Spanish peanuts. I remember the bags of Spanish peanuts. They only showed up in my mom’s kitchen in December of each year. It was one of the many signs that Christmas was coming.
Our kitchen was small and narrow with a long oval table big enough to seat two parents and four young kids. That table took up a good portion of the room. The room was so small that the table was always pushed up against one wall when it was not in use. At meal times, we pulled it away from the wall so there was room for everyone to sit. My mom had reupholstered the kitchen chairs with her own two hands and her sewing machine one year, and I loved to kneel on the smooth, cushioned vinyl of one of those chairs and watch her as she worked.
It would be dark outside by the time my mom began her task. I’d try to see outside, but the darkness on the other side of the windows only reflected the image of us in the kitchen. Watching my mom work in the kitchen provided a rare opportunity to have her (almost) undivided attention. Chances were that I’d have to share my kitchen time with a sibling or two, but sometimes I didn’t.
I’d kneel on my chair, elbows resting on the hard Formica table top, my chin resting in the palms of my hands. The television was on in the next room, and Dad was most likely well on his way to snoring in his recliner. I was more interested in watching my mom. I’d observe as she expertly measured sugar, water and corn syrup in just the right amounts before pouring them into the big saucepan with the scuffed orange outer coating. She’d place the pan on the old gas stove and light the burner, stirring and cooking the sweet liquid mixture.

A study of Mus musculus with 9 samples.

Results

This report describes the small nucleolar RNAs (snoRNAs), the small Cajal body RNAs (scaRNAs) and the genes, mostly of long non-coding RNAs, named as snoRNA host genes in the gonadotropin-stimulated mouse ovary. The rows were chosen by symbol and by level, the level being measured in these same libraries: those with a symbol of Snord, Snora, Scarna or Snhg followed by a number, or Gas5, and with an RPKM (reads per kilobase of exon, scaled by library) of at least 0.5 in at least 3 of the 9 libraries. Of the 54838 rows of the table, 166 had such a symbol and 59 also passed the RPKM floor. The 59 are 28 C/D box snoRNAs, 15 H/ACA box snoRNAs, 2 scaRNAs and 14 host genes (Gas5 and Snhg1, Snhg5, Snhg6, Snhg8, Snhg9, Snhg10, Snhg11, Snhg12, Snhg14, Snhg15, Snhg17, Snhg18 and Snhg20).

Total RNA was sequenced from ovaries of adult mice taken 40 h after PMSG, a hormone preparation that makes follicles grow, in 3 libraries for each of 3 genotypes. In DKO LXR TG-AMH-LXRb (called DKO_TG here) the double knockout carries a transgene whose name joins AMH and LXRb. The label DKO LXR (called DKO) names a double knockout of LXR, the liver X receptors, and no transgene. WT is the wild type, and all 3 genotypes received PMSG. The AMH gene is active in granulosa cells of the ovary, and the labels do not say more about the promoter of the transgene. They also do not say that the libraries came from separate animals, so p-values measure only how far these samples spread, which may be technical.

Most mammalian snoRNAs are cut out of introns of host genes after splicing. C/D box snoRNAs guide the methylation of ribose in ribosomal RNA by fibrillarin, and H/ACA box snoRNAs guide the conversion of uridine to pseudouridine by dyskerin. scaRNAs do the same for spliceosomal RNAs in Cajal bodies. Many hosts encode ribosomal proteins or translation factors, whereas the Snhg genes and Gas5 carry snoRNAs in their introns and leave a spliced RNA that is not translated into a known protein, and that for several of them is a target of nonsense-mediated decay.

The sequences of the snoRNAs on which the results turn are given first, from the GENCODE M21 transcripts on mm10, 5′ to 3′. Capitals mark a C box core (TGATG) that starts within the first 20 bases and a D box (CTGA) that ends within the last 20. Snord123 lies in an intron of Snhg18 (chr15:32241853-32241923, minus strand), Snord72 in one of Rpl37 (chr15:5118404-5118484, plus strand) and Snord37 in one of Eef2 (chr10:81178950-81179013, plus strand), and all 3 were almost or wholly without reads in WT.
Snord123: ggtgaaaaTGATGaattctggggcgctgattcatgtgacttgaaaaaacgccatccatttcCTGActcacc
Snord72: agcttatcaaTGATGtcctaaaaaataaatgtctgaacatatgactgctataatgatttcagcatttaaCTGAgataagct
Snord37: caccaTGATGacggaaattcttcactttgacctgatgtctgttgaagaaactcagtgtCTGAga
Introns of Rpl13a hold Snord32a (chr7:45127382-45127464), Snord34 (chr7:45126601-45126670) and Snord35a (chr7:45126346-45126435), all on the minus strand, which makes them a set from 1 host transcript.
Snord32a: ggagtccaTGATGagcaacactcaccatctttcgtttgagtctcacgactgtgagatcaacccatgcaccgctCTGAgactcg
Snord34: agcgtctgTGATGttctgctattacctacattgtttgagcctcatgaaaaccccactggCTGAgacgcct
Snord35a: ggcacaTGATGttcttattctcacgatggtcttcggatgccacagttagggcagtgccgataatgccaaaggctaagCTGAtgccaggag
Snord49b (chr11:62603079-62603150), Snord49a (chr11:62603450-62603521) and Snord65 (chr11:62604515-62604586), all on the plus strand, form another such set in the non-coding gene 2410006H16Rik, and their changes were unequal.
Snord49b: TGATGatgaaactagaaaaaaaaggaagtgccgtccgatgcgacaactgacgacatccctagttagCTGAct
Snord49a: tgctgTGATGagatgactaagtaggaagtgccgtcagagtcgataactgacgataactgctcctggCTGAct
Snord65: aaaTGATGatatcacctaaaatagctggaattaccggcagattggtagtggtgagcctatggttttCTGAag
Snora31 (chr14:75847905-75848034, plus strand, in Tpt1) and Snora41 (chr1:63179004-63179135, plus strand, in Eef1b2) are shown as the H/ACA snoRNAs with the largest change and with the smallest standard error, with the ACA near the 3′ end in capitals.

Eventually she added the butter and Spanish peanuts. She seemed to know when the time was right, cooking and stirring some more, the mixture growing dark, thick and bubbly. It seemed to roll and boil forever until finally it was done. Mom never used a candy thermometer. I asked her how she knew it was done. She said she just knew.
After she pulled the big saucepan from the heat, the baking soda went in. She would stir and stir and stir some more until the mixture was light and foamy.
On the table waited the old darkened cookie pans with sheets of waxed paper covering them. I’d watch while she divided the candy mixture among the pans. It poured from the pan and pooled in uneven circles on the waxed paper, spreading and flattening into smooth discs of brown, sticky, sweet goodness.
The hardest part was the waiting. It had to cool for at least an hour. When it was finally cooled all the way, it had transformed from a sticky liquid into a hard sheet of candy. Mom would peel off the waxed paper and then break the sheets into bite-sized pieces. The best part of watching this entire process was when Mom slipped me a piece and I’d stick it in my mouth, sucking on it, trying to make it last as long as possible before it dissolved into nothing. Even better was if I could get a piece without peanuts. I never liked those Spanish peanuts, but I loved the candy. We always knew Christmas was coming when Mom made her peanut brittle.
My mom doesn’t make peanut brittle anymore. I think I might give peanut brittle a try in my own kitchen this year. But I’m pretty sure I’ll have to use the candy thermometer.